You’ve made the decision to invest between $600 and $800 on a premium virtual reality platform but do you know if your computer is up to the task? It’s a concern that at least a few will fail to address and wonder why their new toy is riddled with lag.
Fittingly, Valve has released a new utility that takes the guesswork out of the equation and determines if your PC is capable of powering a premium VR setup like the HTC Vive. It’s called the SteamVR Performance Test and you can give it a try right now although you’ll need the Steam client to do so.
The description says the utility measures your system’s rendering power using a two-minute sequence from Valve’s Aperture Robot Repair VR demo. After collecting the necessary data, the utility will indicate if your machine is capable of powering virtual reality content at the target 90fps and how much “eye candy” you’ll be able to get away with.
Should your system fall short of the recommended threshold, the utility will let you know if it’s the CPU, GPU or a combination of both that’s the bottleneck.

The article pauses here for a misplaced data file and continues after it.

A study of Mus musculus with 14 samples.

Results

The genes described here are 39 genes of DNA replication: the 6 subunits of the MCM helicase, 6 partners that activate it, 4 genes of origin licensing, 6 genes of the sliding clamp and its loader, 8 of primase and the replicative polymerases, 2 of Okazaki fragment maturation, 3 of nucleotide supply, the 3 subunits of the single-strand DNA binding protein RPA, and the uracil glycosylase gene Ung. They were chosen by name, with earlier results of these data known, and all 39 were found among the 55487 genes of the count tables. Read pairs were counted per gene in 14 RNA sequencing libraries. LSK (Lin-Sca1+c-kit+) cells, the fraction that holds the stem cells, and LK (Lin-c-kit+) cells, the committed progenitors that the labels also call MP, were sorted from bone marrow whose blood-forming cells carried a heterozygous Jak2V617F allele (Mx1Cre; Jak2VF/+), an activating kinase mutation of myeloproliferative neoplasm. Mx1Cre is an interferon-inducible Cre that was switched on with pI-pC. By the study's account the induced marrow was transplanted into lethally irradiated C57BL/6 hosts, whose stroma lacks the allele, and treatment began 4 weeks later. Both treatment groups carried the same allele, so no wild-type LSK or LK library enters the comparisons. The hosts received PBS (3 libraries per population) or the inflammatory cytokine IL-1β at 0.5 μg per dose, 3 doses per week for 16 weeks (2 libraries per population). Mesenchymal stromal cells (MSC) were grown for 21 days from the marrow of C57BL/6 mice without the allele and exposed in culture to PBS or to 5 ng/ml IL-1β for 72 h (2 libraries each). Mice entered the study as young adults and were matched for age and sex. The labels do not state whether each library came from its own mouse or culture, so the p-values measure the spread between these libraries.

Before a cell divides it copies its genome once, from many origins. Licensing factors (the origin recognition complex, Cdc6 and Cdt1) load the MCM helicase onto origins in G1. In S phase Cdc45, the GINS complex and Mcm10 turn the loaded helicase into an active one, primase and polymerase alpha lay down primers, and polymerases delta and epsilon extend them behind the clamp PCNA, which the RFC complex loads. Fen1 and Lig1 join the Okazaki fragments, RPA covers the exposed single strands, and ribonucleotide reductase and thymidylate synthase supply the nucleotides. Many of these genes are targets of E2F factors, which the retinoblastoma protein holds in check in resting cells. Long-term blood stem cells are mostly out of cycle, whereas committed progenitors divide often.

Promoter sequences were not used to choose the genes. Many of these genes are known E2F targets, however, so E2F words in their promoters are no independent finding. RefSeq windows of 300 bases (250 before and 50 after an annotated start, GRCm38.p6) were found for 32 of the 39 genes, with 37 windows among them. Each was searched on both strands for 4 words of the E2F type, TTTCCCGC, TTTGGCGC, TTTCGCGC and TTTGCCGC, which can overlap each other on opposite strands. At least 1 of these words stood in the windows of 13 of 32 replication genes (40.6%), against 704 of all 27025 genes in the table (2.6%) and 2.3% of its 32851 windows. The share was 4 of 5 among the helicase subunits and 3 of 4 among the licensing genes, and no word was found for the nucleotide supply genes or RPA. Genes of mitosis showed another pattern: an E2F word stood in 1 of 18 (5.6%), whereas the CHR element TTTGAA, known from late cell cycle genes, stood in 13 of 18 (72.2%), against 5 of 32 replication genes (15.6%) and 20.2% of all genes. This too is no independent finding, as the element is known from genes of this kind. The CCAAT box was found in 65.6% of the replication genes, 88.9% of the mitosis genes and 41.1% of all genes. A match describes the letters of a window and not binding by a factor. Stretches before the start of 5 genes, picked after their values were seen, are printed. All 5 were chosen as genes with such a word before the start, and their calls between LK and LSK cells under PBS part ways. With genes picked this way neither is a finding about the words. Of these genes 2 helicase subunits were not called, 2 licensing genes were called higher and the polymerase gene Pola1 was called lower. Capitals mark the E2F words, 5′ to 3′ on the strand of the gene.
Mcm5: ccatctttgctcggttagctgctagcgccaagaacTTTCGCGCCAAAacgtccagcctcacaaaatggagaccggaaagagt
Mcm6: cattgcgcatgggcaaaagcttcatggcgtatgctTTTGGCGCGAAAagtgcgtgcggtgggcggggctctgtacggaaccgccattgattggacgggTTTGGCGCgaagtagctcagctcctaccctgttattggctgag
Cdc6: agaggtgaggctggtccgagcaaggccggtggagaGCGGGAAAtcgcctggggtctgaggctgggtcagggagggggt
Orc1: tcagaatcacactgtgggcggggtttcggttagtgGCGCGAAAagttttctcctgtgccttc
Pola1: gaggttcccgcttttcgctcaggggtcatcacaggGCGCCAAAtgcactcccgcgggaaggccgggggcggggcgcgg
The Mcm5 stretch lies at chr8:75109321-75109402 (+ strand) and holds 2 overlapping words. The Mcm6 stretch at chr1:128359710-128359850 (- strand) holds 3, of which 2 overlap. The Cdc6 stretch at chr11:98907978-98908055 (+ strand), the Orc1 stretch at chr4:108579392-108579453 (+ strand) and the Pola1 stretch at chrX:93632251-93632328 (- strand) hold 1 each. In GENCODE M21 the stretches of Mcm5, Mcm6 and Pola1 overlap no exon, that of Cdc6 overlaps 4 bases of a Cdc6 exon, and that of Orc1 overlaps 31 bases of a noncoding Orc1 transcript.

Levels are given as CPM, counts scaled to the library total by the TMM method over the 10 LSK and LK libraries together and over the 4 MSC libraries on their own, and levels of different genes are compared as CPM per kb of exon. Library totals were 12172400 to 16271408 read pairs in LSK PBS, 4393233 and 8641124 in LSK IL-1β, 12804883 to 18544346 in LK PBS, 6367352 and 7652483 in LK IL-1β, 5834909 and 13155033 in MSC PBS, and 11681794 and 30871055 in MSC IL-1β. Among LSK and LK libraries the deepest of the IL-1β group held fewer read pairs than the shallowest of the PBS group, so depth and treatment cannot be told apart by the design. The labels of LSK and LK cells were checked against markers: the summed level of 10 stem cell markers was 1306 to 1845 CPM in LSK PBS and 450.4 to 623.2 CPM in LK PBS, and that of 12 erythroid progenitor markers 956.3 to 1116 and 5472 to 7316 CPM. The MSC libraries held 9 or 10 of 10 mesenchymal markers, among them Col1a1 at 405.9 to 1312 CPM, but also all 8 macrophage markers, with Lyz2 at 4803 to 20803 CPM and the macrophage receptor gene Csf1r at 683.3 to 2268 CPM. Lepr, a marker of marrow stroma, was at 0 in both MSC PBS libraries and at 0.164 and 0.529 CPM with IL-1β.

If you’d rather not fool with the utility, note that HTC recommends an Intel Core i5-4590 / AMD FX 8350 equivalent processor or better, an Nvidia GeForce GTX 970 / AMD Radeon R9 290 or greater, at least 4GB of RAM, an HDMI 1.4 / DisplayPort 1.2 video output or newer, at least one USB 2.0 port and Windows SP1 or newer to get the best experience out of the Vive VR.
Oculus calls for nearly the exact same setup for its Rift with the exception of at least 8GB of RAM and two USB 3.0 ports.
Those in the market for a new computer to handle VR duties can save a few bucks by purchasing an Oculus Rift PC bundle (assuming of course that the Rift is your VR platform of choice). You may be able to save even more money by upgrading your existing system or building one from scratch but understandably, that’s not an option for everyone.